City councillor Dennis Carlone, seen in January 2020. (Photo: Derek Kouyoumjian)

After years of effort, councillor Dennis Carlone got a campaign finance reform order passed Monday with a 7-1-1 vote.

The latest version of the law had been in the works for 14 months, and Carlone was part of two earlier attempts at campaign finance reform that he said “died by pieces” since he joined the council in 2013.

“This is the time,” Carlone said.

The law limits campaign contributions from people doing business with City Hall to $200 a year per candidate, affecting those seeking a special permit or upzoning, their family and employees – but not people signing a petition to endorse its consideration, a concern cited by some councillors. In other limitations clarified over the past weeks, the law enacted Monday doesn’t apply to labor unions or “affiliates” of those it limits to $200 in giving. The state limit is $1,000 from individuals.

The burden is on business applicants, not politicians; applicants must file disclosures viewable by the public, and can be denied their contracts unless a violating contribution is returned by the politician who got it.

Development debate

One reason Carlone has struggled to get the law passed: Its role as a proxy over development, resulting from allegations over the past several elections that some politicians are funded by builders and others with real estate interests and will vote in developers’ interests.

That conflict played out in short form before the vote, as councillor Marc McGovern repeated a key objection to the proposed law: It limits people who wants to “upzone,” or add population density through development, but not those who resist it or even want to downzone, even though both could benefit financially – in the downzoner’s case, by increased property value on an existing home. “We should be limiting all money in politics, not only certain people’s money because we don’t like what they stand for,” McGovern said.

Though Carlone points doggedly to the ordinance as written applying to “anyone who seeks to do business with the city,” debate has often broken down by lines familiar from fights over zoning and development, even when those issues are largely unspoken.

Objections and alternatives

Critiques from residents, mainly from people associated with A Better Cambridge, the city’s most powerful issues group and political action committee, were likely to call the law badly worded, convoluted, vague and vulnerable to legal challenge. Those critiques have been echoed by councillors sometimes seen as development-funded or friendly to efforts at weakening conservation districts and neighborhood groups, which are seen as filled with homeowners who resist development. When the current order arose at the council’s Dec. 6 meeting, E. Denise Simmons said she didn’t support the spirit of the change and suggested it “needs to be looked over” further, despite it having gone through an Ordinance Committee process.

“We are now post the election, we certainly have adequate time [and could take] a good three to six months to really parse this out,” Simmons suggested.

Councillors opposed to the law have suggested instead limiting campaign contributions to $200 across the board, which the Law Department advised would be a First Amendment violation.

Law Department advice

The Law Department has kept an arm’s-length approach to campaign reform over the years, including ignoring policy orders asking it to write the law, Carlone said. This one borrows some language from a law Somerville adopted in 2016 and was reviewed and approved by the city solicitor, but that didn’t stop critiques of its construction or wording. That included by city solicitor Nancy Glowa herself, who was still reminding councillors that “this was not our language in the first place.”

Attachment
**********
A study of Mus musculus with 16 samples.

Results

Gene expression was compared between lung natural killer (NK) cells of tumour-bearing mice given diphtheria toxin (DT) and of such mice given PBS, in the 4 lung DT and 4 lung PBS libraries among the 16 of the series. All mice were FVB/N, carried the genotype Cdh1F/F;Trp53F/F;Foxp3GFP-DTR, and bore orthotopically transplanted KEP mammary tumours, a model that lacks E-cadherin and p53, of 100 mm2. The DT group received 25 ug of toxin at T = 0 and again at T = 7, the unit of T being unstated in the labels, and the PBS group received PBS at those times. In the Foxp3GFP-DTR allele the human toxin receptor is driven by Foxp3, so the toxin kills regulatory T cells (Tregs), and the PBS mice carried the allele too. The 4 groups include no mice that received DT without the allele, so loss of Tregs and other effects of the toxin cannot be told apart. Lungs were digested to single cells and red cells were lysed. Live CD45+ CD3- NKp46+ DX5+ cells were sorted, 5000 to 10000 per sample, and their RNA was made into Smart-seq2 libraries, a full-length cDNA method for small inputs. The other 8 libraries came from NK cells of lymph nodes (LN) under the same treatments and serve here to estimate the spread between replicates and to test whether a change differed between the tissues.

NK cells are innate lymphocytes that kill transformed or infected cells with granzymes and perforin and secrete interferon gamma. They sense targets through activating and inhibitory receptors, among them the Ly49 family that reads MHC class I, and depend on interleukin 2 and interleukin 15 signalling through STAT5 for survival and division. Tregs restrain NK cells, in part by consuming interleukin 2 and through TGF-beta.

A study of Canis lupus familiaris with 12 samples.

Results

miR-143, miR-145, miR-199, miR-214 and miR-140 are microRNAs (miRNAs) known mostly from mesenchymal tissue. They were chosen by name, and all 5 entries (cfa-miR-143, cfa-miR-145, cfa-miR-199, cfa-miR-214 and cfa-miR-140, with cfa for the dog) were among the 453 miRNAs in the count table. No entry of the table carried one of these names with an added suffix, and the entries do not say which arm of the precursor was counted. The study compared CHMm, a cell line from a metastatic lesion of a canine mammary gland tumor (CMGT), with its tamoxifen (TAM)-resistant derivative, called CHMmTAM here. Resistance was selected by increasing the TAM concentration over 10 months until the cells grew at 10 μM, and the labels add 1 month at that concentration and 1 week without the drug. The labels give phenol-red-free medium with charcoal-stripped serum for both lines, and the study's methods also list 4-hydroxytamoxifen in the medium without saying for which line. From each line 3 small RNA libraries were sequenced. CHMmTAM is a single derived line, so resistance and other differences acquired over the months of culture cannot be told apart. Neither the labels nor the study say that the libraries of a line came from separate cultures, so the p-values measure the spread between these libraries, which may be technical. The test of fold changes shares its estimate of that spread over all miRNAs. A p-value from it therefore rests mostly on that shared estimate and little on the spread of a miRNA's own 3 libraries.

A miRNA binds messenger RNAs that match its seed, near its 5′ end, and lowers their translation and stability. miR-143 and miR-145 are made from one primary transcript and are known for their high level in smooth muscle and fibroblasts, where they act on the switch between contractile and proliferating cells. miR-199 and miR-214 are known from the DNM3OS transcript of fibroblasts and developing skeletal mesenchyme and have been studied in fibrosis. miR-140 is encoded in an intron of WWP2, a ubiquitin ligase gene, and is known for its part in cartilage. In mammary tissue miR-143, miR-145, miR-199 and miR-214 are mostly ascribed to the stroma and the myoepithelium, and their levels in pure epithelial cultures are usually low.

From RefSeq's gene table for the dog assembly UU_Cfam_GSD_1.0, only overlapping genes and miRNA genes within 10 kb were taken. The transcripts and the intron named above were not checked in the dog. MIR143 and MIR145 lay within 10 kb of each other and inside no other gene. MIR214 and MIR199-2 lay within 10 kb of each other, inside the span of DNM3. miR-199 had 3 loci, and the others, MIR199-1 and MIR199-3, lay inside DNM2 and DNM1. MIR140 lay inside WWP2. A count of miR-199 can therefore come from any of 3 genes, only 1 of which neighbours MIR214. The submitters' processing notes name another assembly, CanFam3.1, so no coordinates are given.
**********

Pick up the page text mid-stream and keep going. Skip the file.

The last hurdle faced by the law was whether it should go to the state Legislature for legal backing and delayed until the moment the state gave its blessing. While refusing to assess whether another city’s law was safer from legal challenge – vice mayor Alanna Mallon argued repeatedly that Cambridge should have wholesale copy-and-pasted Somerville’s law – Glowa advised that a home rule petition was needed. Mallon, citing Glowa, said it would be “reckless” not to. “We have been told repeatedly that if we put this into place, it will be challenged and they will win. So this language protects us,” Mallon said.

Other councillors said that wasn’t quite right – that Glowa had actually said any campaign finance law had to the Legislature, whether copied directly from Somerville or adapted and added to by Carlone.

Home rule petitions

But the distinction hardly mattered. Most councillors are on record as seeing the home rule petition process as where Cambridge laws go to die, Mallon included.

“This particular amendment essentially kills the law,” Zondervan said Monday.

The solicitor has also previously advised against enacting laws without a home rule petition and been overridden by the council, Sobrinho-Wheeler noted, pointing to a law allowing live acoustic music in untraditional performance spaces such as stores and to a ban on police using tear gas and other crowd control chemicals. In both cases, Mallon voted for the law without a home rule petition, in defiance of the city solicitor.

Even retiring councillor Tim Toomey believed that “either way, we are going to face a legal challenge,” and when the amendment came to a vote it failed: Mallon, McGovern, Simmons and Toomey backed it, but needed one more vote. A related policy order for a home rule petition that wouldn’t affect the campaign reform law’s enactment was tabled permanently by unanimous vote.

When the campaign reform law came up for a vote without the need to go to the Legislature, it passed with only Toomey opposed. Simmons voted “present.”